Joe Offer 22 Apr 06 - 01:50 PM
Morticia 22 Apr 06 - 02:48 PM
Emma B 22 Apr 06 - 03:46 PM
Liz the Squeak 22 Apr 06 - 05:17 PM
kendall 23 Apr 06 - 08:35 AM
GUEST,Henryp 23 Apr 06 - 12:12 PM
BusyBee Paul 23 Apr 06 - 04:06 PM
Pauline L 24 Apr 06 - 02:04 AM
From: Emma B
Date: 22 Apr 06 - 11:38 AM

Having mischievously misquoted Masefield in the "gnus" thread I thought I would make amends by posting this poem of his so evocative of where I live at this time of year.

The West Wind
   
IT'S a warm wind, the west wind, full of birds' cries;
I never hear the west wind but tears are in my eyes.
For it comes from the west lands, the old brown hills.
And April's in the west wind, and daffodils.

It's a fine land, the west land, for hearts as tired as mine,
Apple orchards blossom there, and the air's like wine.
There is cool green grass there, where men may lie at rest,
And the thrushes are in song there, fluting from the nest.

"Will ye not come home brother? ye have been long away,
It's April, and blossom time, and white is the may;
And bright is the sun brother, and warm is the rain,--
Will ye not come home, brother, home to us again?

"The young corn is green, brother, where the rabbits run.
It's blue sky, and white clouds, and warm rain and sun.
It's song to a man's soul, brother, fire to a man's brain,
To hear the wild bees and see the merry spring again.

"Larks are singing in the west, brother, above the green wheat,
So will ye not come home, brother, and rest your tired feet?
I've a balm for bruised hearts, brother, sleep for aching eyes,"
Says the warm wind, the west wind, full of birds' cries.

It's the white road westwards is the road I must tread
To the green grass, the cool grass, and rest for heart and head,
To the violets, and the warm hearts, and the thrushes' song,
In the fine land, the west land, the land where I belong.

John Masefield

for everyone whose home (or heart) is in the West


From: Joe Offer
Date: 22 Apr 06 - 01:50 PM

Thanks, Emma. I wasn't familiar with "The West Wind." I guess everybody's favorite Masefield poem is "Sea-Fever":

Sea-Fever
(John Masefield, 1878-1967)

I must down to the seas again, to the lonely sea and the sky,
And all I ask is a tall ship and a star to steer her by,
And the wheel's kick and the wind's song and the white sail's shaking,
And a grey mist on the sea's face, and a grey dawn breaking.

I must down to the seas again, for the call of the running tide
Is a wild call and a clear call that may not be denied;
And all I ask is a windy day with the white clouds flying,
And the flung spray and the blown spume, and the sea-gulls crying.

I must down to the seas again, to the vagrant gypsy life,
To the gull's way and the whale's way where the wind's like a whetted knife;
And all I ask is a merry yarn from a laughing fellow-rover
And quiet sleep and a sweet dream when the long trick's over.


From: Morticia
Date: 22 Apr 06 - 02:48 PM

Is he the same John Masefield who wrote Box of Delights?


From: Emma B
Date: 22 Apr 06 - 03:46 PM

Yes Morti - the same.
The Box of Delights was a sequel to The Midnight Folk and was published in 1933.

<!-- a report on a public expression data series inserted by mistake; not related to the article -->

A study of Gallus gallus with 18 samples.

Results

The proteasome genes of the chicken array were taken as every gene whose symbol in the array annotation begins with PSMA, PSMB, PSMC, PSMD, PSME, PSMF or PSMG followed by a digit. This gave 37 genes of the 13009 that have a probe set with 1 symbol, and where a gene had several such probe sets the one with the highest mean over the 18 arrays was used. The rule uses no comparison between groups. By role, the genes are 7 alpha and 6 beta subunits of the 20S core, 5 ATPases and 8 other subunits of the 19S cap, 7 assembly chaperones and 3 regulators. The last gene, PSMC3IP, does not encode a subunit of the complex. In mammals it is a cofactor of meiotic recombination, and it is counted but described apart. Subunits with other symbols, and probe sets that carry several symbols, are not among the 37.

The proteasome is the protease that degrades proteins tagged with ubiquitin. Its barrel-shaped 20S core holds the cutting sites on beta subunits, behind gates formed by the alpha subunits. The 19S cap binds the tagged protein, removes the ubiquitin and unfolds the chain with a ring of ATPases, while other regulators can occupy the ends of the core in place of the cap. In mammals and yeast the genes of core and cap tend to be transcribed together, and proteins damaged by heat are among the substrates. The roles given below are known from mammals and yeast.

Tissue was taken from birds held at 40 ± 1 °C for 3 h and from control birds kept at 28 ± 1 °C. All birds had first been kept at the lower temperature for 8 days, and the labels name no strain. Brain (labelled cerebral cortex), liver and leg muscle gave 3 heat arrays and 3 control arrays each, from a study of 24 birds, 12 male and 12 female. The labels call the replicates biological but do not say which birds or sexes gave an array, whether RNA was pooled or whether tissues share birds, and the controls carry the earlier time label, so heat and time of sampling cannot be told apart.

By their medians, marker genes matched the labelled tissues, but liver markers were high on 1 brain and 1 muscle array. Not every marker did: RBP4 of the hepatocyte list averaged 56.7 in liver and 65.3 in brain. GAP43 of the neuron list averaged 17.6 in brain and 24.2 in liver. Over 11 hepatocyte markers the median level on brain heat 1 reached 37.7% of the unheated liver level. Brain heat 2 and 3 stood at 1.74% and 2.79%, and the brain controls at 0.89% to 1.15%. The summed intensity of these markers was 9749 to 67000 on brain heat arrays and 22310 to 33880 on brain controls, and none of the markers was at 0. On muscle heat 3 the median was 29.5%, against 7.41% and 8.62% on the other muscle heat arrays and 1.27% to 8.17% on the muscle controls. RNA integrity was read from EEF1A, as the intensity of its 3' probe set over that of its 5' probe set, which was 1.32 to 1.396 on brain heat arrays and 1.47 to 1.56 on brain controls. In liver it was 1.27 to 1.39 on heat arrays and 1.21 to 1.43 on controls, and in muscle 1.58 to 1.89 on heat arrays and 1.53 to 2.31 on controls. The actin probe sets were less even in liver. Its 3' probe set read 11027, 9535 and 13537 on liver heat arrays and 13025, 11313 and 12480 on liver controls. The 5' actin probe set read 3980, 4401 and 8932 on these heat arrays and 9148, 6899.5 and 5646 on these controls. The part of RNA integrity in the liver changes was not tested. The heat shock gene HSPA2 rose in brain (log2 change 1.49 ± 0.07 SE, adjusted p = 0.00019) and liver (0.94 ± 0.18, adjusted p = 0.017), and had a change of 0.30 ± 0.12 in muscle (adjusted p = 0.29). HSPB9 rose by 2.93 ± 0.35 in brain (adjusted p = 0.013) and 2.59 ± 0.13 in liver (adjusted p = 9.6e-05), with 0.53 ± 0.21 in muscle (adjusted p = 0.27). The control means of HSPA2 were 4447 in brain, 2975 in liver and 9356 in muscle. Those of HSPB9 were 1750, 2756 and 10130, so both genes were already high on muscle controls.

From: Liz the Squeak
Date: 22 Apr 06 - 05:17 PM

I must go down to the sea again, to the lonely sea and sky.
I left my vest and pants there... I wonder if they're dry?

LTS


From: kendall
Date: 23 Apr 06 - 08:35 AM

My favorite Masefield is The Loch Arcre.


From: GUEST,Henryp
Date: 23 Apr 06 - 12:12 PM

You can now listen to Masefield set to music! Andy Kenna was at Lancaster Maritime Festival over Easter with some new arrangements.

Forebitter's Masefield show

An entertainment, which celebrates the collected sea poems of John Masefield, published in 1902 under the same title.

Andy Kenna has set a number of the poems to music and by interspersing them with authentic sea shanties, he invites the listeners to judge for themselves the artistic quality and authentic flavour of Masefield's work.

Andy brings the Golden Age of Sail back to life accompanying himself on concertinas, treble and baritone, guitar, and bodhran, in a style which would have been quite at home in the fo'c's'le or on the open decks of the ocean-going square-riggers of Masefield's Merchant Navy.

Reviews of Salt Water Ballads

"The selection of poems is marvellous, and the music that Andy has composed, to set the poems to, sounds very appropriate to the period. He's done a great job. This collection is certain to take a place among the most respected of the sea poets set to music. I can't say enough about how impressed I am with the project."

Rick Spencer
Mystic Seaport Forebitter

"Masefield's authentic depiction both of the brutal reality and the haunting romance of life under sail a century ago was well served by Forebitter's lively performance. Indeed, certain items, such as the well-known Sea Fever were given a new freshness; one heard them almost as if for the first time. We shall be able to repeat the pleasure by listening to Forebitter's CD with its ten settings of 'these poor songs to brace the arms that help the winches round'"

Roy Palmer - Review of Forebitter's 'Salt Water Ballads Concert',
Ledbury


From: BusyBee Paul
Date: 23 Apr 06 - 04:06 PM

Sea-Fever also features in a choral work by Andrew Carter - a magnificent setting of these words to music - choral singing is my other passion - sorry!.

Deirdre


From: Pauline L
Date: 24 Apr 06 - 02:04 AM

Emma B, thank you so much for posting that. I love that poem. It speaks to me of a place I used to go to. It gave me all the benefits described by Masefield. I would read that poem over and over again in anticipation of going there. I loved that place so very, very much, but I no longer have access to it.